From Friday to Monday, we sat vigil at Dad's bedside, until emotional fatigue and the opinion of the doctor sent us back to Minneapolis to rest. We're told that Dad has come back from the immediate brink, and that his core vital functions are now just stable enough that he could now last as much as a week or so. Further, he's no longer aware of our presence, and seems to rest better in quiet than when constantly attended. My brother and I are badly in need of recharged batteries, so we headed back to Minneapolis knowing that a last return trip out to far southwestern Minnesota is coming pretty soon. Sitting bedside by a dying parent gives you a lot of time to think, and in between periods of sadness, I found myself wondering a lot about the faculty we call personality—what is it that creates the "person-ness" of an individual being.
At the opposite polls of ideas about what constitutes a personality are the clinical scientific definitions on the one hand, and the romantic, spiritual ones on the other.
The first theory would have us believe that the individual "self" or "soul" is really in the final measure just a complex and sophisticated interaction of chemical signals and genetics—a model that is ultimately understandable through scientific means. The other pole would have us believe the soulful personality is something transcendent, an entity that can't be explained empirically, but only grasped spiritually.
Oddly, as I watch Dad's unconscious face, the first explanation would be a little more reassuring to me. Seeing the flitting emotional expressions that cross his face unconsciously, I would be comforted to think that these are just residual electro-chemical impulses, and not expressions of a soul or personality trapped in a biological organism that is steadily ceasing to function. But watching these expressions, I see just too much of Dad's individuality, his person-ness, to allow me the first interpretation, and this makes it hard to watch these final days. Like a new-born infant sleeping, Dad's face in semi-coma is a canvas on which a variety of emotions appear from time to time In the slight wry grimace, I see his disgusted scolding of me when I was 17 and coming home after drinking beer with friends on a camping trip. In his low chuckle, I hear him laughing with delight when my kids, his grandchildren, did something precocious to to amuse him. In the furrowed brow and intense look of concentration, I see him watching the nightly news during the Vietnam days wondering what the hell was going on in this country.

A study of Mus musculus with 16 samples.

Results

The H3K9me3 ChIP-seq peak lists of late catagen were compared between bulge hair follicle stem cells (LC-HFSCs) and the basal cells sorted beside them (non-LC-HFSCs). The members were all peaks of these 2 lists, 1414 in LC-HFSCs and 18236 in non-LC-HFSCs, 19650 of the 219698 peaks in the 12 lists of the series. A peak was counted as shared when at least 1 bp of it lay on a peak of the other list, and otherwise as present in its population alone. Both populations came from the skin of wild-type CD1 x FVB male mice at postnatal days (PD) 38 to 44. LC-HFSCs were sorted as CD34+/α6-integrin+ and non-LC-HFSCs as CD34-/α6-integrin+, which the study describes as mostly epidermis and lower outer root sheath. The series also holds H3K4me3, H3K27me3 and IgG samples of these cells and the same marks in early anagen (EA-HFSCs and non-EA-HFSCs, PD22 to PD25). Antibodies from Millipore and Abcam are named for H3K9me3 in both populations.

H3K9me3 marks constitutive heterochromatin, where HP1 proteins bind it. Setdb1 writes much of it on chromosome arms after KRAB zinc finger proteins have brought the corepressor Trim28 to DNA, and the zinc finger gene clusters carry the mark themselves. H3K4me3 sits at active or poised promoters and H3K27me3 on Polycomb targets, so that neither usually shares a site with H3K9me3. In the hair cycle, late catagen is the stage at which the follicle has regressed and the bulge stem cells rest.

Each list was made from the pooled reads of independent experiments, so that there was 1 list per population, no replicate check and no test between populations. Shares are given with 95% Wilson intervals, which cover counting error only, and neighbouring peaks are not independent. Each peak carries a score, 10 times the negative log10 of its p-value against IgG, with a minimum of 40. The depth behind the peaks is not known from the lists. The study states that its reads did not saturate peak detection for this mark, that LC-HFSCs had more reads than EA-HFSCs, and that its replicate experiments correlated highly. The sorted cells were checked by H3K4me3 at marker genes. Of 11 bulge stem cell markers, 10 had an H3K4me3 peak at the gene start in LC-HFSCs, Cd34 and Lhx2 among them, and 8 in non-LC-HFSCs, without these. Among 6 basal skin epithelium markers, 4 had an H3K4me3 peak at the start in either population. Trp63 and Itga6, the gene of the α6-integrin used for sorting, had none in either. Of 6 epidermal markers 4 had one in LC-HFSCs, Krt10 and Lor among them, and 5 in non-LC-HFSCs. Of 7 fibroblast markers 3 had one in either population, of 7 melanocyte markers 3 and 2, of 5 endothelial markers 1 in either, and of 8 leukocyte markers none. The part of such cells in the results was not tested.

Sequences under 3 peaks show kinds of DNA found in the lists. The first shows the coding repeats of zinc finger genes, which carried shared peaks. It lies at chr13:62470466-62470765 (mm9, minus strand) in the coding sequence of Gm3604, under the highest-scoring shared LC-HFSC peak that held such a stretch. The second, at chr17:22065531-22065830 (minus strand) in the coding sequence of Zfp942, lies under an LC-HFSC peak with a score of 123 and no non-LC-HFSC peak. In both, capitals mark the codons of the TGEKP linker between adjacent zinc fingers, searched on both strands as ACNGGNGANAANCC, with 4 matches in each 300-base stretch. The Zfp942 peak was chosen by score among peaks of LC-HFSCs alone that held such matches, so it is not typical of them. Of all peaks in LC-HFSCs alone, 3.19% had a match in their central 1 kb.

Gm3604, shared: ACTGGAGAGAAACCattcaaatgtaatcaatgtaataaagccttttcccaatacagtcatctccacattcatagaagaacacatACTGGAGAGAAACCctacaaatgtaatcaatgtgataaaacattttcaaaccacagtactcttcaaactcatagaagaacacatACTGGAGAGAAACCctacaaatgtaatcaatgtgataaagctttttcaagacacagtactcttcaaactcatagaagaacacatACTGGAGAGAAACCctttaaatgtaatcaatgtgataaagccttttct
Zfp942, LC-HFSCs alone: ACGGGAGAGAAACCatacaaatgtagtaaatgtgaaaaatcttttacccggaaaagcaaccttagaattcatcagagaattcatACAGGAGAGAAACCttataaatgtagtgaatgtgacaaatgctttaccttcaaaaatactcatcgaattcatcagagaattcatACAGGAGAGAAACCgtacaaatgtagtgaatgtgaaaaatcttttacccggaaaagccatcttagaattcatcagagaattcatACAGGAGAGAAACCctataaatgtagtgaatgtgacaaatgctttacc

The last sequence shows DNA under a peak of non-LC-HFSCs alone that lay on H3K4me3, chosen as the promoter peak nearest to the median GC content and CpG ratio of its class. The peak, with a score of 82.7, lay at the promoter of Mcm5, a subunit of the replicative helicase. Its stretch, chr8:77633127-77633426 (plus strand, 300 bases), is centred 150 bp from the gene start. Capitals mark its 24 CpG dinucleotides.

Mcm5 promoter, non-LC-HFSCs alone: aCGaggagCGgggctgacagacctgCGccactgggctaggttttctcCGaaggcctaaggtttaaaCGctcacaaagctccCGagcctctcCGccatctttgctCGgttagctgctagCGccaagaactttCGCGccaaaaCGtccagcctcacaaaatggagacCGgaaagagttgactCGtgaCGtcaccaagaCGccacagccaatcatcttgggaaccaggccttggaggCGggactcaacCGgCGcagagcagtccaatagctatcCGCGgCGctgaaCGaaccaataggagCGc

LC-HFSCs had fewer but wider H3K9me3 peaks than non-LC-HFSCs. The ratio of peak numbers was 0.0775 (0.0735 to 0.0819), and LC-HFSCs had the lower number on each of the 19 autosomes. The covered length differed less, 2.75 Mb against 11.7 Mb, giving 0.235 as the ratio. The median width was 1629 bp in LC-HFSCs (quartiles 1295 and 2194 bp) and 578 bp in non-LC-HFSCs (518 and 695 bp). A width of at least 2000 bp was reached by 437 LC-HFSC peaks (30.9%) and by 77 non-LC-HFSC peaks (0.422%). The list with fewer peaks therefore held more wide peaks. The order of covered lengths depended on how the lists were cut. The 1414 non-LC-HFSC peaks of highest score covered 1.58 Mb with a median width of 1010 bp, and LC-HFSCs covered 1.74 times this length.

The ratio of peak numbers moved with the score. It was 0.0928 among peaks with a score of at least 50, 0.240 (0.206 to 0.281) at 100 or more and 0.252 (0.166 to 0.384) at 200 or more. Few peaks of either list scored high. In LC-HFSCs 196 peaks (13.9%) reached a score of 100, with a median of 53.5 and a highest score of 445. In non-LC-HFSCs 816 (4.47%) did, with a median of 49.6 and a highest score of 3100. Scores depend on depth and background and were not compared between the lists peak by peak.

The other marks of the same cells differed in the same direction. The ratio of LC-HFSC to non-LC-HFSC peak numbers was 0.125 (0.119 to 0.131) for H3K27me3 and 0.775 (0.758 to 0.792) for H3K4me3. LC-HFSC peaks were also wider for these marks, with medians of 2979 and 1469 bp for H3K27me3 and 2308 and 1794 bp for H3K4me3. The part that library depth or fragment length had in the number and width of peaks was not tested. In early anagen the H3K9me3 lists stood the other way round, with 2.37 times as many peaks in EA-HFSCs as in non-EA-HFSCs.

Now, for the first time, I really see the strong resemblance to each of my brothers. My youngest brother in Dad's mouth. My second brother in his eyes and forehead. A little bit of my own kids in his expressions. I still don't really see much of myself in him, though others have told me they spot me as his son from a mile away.
There is just too much person-ness there to explain it as mere neurological chemical activity. What will happen to that person-ness in the next few days? When he does pass away, that personality will certainly continue to dwell in some fashion in all of us who know him. And I still have the strong intuition that there's more to it than that. When I look around at the natural world, I see no evidence that anything, anywhere, dies without returning. Spring follows winter, growth sprouts from decay, producing seeds that lead to green growth and more decay, and more life. Neither matter nor energy can be destroyed, and it seems only logical that the energy of Dad's person-ness will be going somewhere in the very near future. 'Only symbolically,' some skeptics might say to me gently. 'Not literally.' To which I would reply that symbolic truth is the most legitimate kind.
On the long drive home through the agricultural prairie, massive recent rains have left the ground completely saturated. No only are the marshes full, but the low areas of every planted field have become small lakes. Rains so heavy that that they've made the national news wires and closed some of the highways we normally travel on. This water is now slowly moving toward creeks and rivers under the gentle tug of gravity, and already back in St. Paul, some of the water that fell here in the last few days is making the Mississippi River rise toward major flooding. Eventually the water vapor that fell here as rain will become part of the Atlantic ocean again, and sometime after that, this moisture will fall here or elsewhere as rain again, and will begin another journey back to the ocean. The substance of the water vapor will not have changed at all in all those iterations, and every present action ripples into the future. As Einstein seems to have believed, past, present and future really exist simultaneously, if we had the faculties to see it.
The heavy rains and temporary lakes out here in southwestern Minnesota have also brought out lots of wild life, especially birds. Many are feeding off the worms, insects and small animals that have been brought up out of the ground when it became full of water. On the telephone wires, in the ponds, on the fence posts and in the skies I recognize fresh water pelicans, egrets, meadowlarks, kingfishers, red wing blackbirds, red-tail hawks, bald eagles.
I knew the names of all these birds and many more before I was five years old, because they are things my father taught me before I even started school. And in musing about the fact of fathers teaching their children things about the world, I have the answer to my questions.